Tax Saving: Understanding EEE and EET

By Larissa Fernand |  05-02-20 | 

There are various aspects to consider when investing; return, liquidity and risk being the most common. But don’t forget to consider the tax implication too, which is what this article is about.

Let’s look at how your money is offered tax relief at various stages of investment; three to be precise.

E is for Exempt.

T is for Taxed.

EEE – Exempt, Exempt, Exempt

This is unbelievably sweet.

You get a tax benefit simply for investing in a particular avenue, the interest earned is not subject to tax, and finally the maturity amount is also exempt from tax. As a young investor once said to me, “How cool is that?”

The classic example is the Public Provident Fund, or PPF.

The investment in PPF, up to Rs 1.50 lakh, is entitled for a deduction under Section 80C. Which means that you don’t have to pay tax on part of the income that equals the invested amount. The interest earned is also free from tax. It is added to the principal investment and compounded, and the accumulated amount is also exempt from tax on maturity.

Tax break on investment. No tax during the accumulation phase. Zero tax at the time of withdrawal.

You don’t have to pay any tax on the returns earned during the accumulation phase. Your income from the investment would be tax-free in your hands at the time of withdrawal.

You may not need a PPF account

EET - Exempt, Exempt, Taxed

Your investment at the stages of contribution and accumulation is exempt from tax. Unfortunately, no such luck at the time of withdrawal. You got to pay up then.

The National Pension Scheme, or NPS, is the best example.

At maturity, 40% of withdrawal is tax exempt. At maturity, you can have up to 60% of this money in a lump sum, but tax exemption will be applicable only on the 40%.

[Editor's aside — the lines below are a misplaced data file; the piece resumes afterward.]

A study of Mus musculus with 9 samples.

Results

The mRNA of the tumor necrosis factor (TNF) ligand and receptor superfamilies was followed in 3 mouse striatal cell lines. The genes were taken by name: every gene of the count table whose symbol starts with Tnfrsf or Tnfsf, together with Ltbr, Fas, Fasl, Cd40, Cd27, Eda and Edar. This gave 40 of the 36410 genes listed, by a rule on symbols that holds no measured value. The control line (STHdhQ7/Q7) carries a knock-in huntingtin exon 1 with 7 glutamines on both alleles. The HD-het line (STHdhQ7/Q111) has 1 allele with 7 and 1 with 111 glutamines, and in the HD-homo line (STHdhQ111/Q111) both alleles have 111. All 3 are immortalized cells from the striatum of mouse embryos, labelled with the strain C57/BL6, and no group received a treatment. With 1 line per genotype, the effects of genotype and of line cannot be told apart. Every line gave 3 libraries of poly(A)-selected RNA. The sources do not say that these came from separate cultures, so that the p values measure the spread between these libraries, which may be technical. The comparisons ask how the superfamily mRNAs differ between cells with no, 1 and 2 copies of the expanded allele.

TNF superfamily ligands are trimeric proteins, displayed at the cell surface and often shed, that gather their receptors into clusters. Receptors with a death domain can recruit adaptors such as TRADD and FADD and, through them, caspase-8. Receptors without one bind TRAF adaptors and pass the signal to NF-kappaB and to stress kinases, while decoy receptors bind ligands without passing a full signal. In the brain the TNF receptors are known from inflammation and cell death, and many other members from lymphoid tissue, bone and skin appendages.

The structure of NPS is such that you have to mandatorily buy an annuity with 40% of the corpus. The income from the annuitized portion of the corpus will be subject to tax as per the applicable tax slab.

6 tax-saving mistakes

Will PPF move from EEE to EET?

In 2016, there were concerns of the interest earned on PPF being taxed. However, then Finance Minister Arun Jaitley in the Union Budget of 2016 kept the status as EEE. Investors were assured then that PPF will stay outside the tax ambit.

A government constituted Direct Tax Code task force, headed by Central Board of Direct Taxes (CBDT) member Akhilesh Ranjan, has argued for a new tax regime for individuals. In a nutshell, it aims at removing a lot of exemptions but at the same time expanding the income slabs. Once again the concern arose as to whether PPF will continue with its EEE status.

A point worth noting is that the DTC proposals made it clear that the tax-free status of existing investments will continue till their maturity, even after the implementation of the DTC. So whatever be the future, what is assured now shall stay.

How to get the best out of PPF 

ETE - Exempt, Taxed, Exempt

These investments are taxed at the accumulation phase, but investment and withdrawals are not taxed.

The 5-year bank fixed deposit fits the bill.

The amount you invest is eligible for a deduction under Section 80C. The interest earned is taxed. But the maturity amount is exempt from tax.

While keeping the tax factor in mind is crucial, blindly investing just to save tax is detrimental too. Do read Tax Saving: Earn the right to invest for a better perspective.